Hispanics Are Best at ‘Technological Leapfrogging’

Hispanic consu mers are taking the lead in bringing new technology into their homes, according to a new survey from Knowledge Networks/SRI.

The research firm’s Home Technology Monitor found Latinos more likely to own personal digital assistants, satellite TVs and DVD players than their white and African American counterparts. Hispanics, however, still trail the same two demographics in ownership of home computers and online services.

The Menlo Park, Calif.-based firm’s poll, conducted by phone, included 1,500 U.S. households.

Thirty-four percent of Hispanic households have a DVD, the survey found, compared with 30 percent of white and 33 percent of African American households. Latino homes also have a higher percentage of home-theater products (36 percent) than African American (29 percent) and white homes (26 percent).

More than one out of five Hispanic households have satellite TV, vs. 19 percent of white and 8 percent of African American families. And 15 percent of Hispanic homes have a personal digital assistant, compared with 14 percent of the general market and 12 percent of African Americans.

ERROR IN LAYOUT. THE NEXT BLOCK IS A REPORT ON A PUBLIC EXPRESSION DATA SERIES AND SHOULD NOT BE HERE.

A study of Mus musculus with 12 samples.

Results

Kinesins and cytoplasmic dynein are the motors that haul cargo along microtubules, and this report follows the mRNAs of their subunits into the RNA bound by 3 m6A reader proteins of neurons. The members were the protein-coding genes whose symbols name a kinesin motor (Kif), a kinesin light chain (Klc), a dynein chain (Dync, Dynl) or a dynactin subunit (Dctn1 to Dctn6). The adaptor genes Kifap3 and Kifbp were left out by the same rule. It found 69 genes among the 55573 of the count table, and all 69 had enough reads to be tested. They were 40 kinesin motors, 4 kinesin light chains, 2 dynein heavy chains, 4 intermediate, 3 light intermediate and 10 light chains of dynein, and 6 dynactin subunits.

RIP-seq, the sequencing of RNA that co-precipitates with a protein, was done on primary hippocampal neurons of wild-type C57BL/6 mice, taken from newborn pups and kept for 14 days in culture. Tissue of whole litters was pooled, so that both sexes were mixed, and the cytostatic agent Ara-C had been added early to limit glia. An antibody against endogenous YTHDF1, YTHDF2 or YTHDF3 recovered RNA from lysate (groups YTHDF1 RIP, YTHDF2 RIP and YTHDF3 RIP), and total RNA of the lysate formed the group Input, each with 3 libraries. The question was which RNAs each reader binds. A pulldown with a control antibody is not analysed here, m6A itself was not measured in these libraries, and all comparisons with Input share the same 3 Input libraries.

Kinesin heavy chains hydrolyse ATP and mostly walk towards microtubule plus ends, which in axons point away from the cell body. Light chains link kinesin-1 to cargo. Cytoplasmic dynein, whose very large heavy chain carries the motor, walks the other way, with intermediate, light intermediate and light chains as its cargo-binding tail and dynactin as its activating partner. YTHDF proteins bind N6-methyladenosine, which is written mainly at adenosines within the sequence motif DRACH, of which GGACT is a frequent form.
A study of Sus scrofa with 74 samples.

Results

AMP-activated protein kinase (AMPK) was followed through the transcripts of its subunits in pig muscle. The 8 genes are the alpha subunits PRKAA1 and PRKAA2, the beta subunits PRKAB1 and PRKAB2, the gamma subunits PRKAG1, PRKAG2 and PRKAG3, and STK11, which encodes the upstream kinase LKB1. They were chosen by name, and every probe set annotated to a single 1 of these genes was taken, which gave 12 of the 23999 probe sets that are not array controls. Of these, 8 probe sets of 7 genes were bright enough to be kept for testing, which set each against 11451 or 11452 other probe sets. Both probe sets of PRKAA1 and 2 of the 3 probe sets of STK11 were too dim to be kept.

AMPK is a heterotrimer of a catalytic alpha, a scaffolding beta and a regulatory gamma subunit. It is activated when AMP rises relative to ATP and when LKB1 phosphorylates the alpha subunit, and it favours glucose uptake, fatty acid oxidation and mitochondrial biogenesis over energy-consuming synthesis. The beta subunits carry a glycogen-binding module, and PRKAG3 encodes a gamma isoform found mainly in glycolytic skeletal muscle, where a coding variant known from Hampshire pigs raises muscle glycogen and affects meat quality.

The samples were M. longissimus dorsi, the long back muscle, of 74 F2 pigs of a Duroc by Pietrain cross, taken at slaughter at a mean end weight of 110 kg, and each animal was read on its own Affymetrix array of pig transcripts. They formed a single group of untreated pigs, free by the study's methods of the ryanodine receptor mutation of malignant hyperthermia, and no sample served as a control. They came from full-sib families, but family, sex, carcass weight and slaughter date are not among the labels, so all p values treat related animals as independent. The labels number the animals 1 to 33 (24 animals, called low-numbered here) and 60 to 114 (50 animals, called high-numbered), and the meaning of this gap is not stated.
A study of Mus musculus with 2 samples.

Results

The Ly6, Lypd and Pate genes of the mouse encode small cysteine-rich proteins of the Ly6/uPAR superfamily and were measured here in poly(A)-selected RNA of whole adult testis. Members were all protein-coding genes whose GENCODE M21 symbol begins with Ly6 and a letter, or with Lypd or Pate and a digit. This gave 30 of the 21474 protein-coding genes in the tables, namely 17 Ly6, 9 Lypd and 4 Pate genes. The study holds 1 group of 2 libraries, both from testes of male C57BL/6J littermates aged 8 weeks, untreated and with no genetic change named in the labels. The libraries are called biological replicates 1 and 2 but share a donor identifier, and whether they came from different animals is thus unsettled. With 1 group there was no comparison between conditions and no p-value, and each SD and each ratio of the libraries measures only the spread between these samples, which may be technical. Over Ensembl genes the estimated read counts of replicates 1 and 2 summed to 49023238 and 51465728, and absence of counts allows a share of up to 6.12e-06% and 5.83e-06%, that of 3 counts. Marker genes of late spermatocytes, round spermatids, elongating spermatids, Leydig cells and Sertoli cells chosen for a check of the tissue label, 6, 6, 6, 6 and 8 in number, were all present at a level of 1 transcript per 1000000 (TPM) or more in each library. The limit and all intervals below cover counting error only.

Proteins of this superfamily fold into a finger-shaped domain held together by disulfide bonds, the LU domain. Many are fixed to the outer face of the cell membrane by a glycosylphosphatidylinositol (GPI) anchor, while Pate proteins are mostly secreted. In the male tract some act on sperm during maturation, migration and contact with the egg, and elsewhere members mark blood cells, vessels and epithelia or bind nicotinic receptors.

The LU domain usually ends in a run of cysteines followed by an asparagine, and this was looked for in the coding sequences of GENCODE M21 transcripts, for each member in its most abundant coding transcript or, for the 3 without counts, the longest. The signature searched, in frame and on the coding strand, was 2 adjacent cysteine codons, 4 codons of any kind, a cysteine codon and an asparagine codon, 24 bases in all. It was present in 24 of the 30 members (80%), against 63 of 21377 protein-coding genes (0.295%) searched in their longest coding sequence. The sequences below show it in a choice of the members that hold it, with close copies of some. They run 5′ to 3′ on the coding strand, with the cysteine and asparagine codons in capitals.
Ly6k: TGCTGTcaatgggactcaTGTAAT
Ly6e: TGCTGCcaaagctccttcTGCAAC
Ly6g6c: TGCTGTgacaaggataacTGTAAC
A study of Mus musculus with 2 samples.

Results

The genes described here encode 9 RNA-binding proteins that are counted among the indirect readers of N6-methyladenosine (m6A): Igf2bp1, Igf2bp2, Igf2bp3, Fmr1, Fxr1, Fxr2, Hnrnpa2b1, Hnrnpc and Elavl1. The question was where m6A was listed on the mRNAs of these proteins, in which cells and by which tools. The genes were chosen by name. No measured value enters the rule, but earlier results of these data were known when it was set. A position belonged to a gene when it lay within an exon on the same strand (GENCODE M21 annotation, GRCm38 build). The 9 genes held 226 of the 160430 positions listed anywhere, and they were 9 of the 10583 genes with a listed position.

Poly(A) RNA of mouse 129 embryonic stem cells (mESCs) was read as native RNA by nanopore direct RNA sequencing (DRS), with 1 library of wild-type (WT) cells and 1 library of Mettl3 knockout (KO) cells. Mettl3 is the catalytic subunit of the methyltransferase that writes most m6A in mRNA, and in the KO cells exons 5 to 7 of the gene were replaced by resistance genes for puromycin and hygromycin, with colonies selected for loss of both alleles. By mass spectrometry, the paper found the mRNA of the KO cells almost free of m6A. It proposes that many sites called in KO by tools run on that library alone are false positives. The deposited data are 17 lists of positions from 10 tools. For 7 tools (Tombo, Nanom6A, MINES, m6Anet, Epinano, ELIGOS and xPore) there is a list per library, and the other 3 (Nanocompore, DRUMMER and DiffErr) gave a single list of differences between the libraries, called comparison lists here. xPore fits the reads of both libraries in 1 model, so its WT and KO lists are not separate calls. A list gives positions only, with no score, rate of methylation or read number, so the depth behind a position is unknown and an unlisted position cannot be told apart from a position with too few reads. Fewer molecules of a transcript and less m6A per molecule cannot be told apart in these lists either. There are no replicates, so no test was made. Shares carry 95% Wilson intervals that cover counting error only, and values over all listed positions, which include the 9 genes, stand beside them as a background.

By contrast, 44 percent of His panic households are online, vs. 57 percent of the general market and 46 percent of African Americans. Computers are in 65 percent of white homes, 52 percent of African American homes and 51 percent of His panic ones.

The findings mirror what Hispanic ad-agency research shows, said Hector Orci, co-chairman and CEO of La Agencia de Orci y Asociados in Los Angeles. “Hispanics recognize they don’t have to have a computer before they get a DVD,” he said. “We call this technological leapfrogging.”

Few, if any, of the top 60 advertisers in Hispanic media in 2001 marketed satellite TVs, PDAs or DVD players, according to Hispanic Business.

Language use affected the findings, said David Tice, vp of client services at KN/SRI. “English-speaking Hispanic households were either at or above the national average [in computer and online use]. Spanish-speaking households in particular were very high in digital satellite ownership.”